Aurea Quartet

Royal Conservatoire of Scotland, Glasgow

Keith Bruce

four stars

IT is impossible that the Aurea Quartet and featured composer Matthew Whiteside, who programmed this recital at his alma mater, could have known how apposite the music would turn out to be on the date it was performed. Most oddly coincidental was John Uren’s Her Own Dying Moments, soundtracking a reading of an open letter to David Bowie by palliative care doctor Mark Taubert, which has been a celebrated part of the marking of the passing of the rock star, played here, by chance, on the fourth anniversary of his death.

Just as remarkable, was the pertinent opportunity to hear a live performance of the atmospheric Daughters of Sol, commissioned from Iranian composer Aftab Darvishi by the Kronos Quartet, with the quotations from women artists that are projected to accompany it giving an entirely different perspective on a country that has dominated the news in the past week.

Between those two came the vibrant and exciting three-movement Rondo Mondo Rondo by New Zealander Gareth Farr, which really showed what this technically-outstanding quartet can do. Percussive and rhythmic, it is a work that shows off the individual virtuosity of the players as thoroughly as it demonstrates their ensemble coherence.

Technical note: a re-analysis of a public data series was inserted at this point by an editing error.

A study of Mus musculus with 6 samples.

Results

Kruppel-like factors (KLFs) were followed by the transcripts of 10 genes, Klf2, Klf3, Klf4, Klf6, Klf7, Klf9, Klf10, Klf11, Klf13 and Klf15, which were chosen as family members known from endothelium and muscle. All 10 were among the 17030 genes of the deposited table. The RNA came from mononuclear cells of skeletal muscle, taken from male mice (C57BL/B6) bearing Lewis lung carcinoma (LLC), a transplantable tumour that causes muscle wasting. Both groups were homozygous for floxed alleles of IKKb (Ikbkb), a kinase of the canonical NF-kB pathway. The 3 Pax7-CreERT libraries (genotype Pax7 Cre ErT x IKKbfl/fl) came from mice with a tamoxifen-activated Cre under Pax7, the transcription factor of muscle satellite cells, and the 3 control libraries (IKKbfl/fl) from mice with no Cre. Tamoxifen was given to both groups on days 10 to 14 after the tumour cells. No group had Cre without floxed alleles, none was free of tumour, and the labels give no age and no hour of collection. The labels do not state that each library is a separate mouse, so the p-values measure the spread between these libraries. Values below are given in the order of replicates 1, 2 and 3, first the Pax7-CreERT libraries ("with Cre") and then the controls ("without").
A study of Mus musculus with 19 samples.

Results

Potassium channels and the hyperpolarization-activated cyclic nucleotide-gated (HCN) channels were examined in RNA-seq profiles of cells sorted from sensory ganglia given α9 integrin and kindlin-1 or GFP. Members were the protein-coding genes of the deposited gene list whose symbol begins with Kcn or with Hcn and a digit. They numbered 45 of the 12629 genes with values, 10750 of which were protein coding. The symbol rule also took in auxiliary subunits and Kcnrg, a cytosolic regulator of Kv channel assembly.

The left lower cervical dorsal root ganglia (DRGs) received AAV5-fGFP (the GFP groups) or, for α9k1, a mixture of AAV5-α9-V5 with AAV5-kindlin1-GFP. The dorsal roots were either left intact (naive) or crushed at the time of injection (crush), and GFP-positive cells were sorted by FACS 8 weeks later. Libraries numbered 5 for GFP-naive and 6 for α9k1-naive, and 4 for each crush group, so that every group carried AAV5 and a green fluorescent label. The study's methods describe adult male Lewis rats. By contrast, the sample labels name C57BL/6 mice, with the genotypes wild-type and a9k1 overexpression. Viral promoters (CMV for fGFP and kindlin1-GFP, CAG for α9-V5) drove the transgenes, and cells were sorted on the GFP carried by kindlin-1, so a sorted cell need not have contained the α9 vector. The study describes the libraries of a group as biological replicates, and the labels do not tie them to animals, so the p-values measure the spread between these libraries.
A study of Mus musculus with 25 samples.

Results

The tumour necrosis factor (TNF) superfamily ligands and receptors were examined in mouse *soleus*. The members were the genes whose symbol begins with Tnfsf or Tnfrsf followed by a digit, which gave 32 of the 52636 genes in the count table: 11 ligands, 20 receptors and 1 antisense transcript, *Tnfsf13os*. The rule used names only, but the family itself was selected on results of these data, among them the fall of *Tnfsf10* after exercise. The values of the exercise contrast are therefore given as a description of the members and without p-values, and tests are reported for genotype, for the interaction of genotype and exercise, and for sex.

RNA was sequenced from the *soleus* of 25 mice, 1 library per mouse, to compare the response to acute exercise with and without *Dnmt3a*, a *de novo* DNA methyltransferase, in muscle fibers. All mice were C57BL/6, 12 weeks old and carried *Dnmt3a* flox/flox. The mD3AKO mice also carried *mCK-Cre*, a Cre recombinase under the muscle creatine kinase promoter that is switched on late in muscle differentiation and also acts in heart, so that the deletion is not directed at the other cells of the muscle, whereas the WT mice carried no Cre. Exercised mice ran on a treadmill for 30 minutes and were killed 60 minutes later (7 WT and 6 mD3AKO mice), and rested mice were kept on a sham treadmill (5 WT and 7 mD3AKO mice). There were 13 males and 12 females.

As audiences of his The Night With . . . series of touring contemporary chamber music concerts know, Whiteside is unafraid of challenging company for his own music, and two of his quartets, No.4 “Entangled”, and the world premiere live performance of No.6, opened and closed the recital.

The post-minimalist bold sparseness of the latter suggests any number of directions that the composer might pursue, and, appropriately, it opens the excellent album of his work that the Quartet has recently released. The disc takes its title from the earlier work, however. Untangled was commissioned by the Institute of Physics, references the scientific work of Whiteside’s great-uncle John Stewart Bell, and comes accompanied by images redolent of the earliest days of cinematography from Glasgow choreographer and film-maker Marisa Zanotti, whose work has been absent from the city for too long.

Another triumph of inspired contextual programming by the young composer, with a little assistance from serendipity.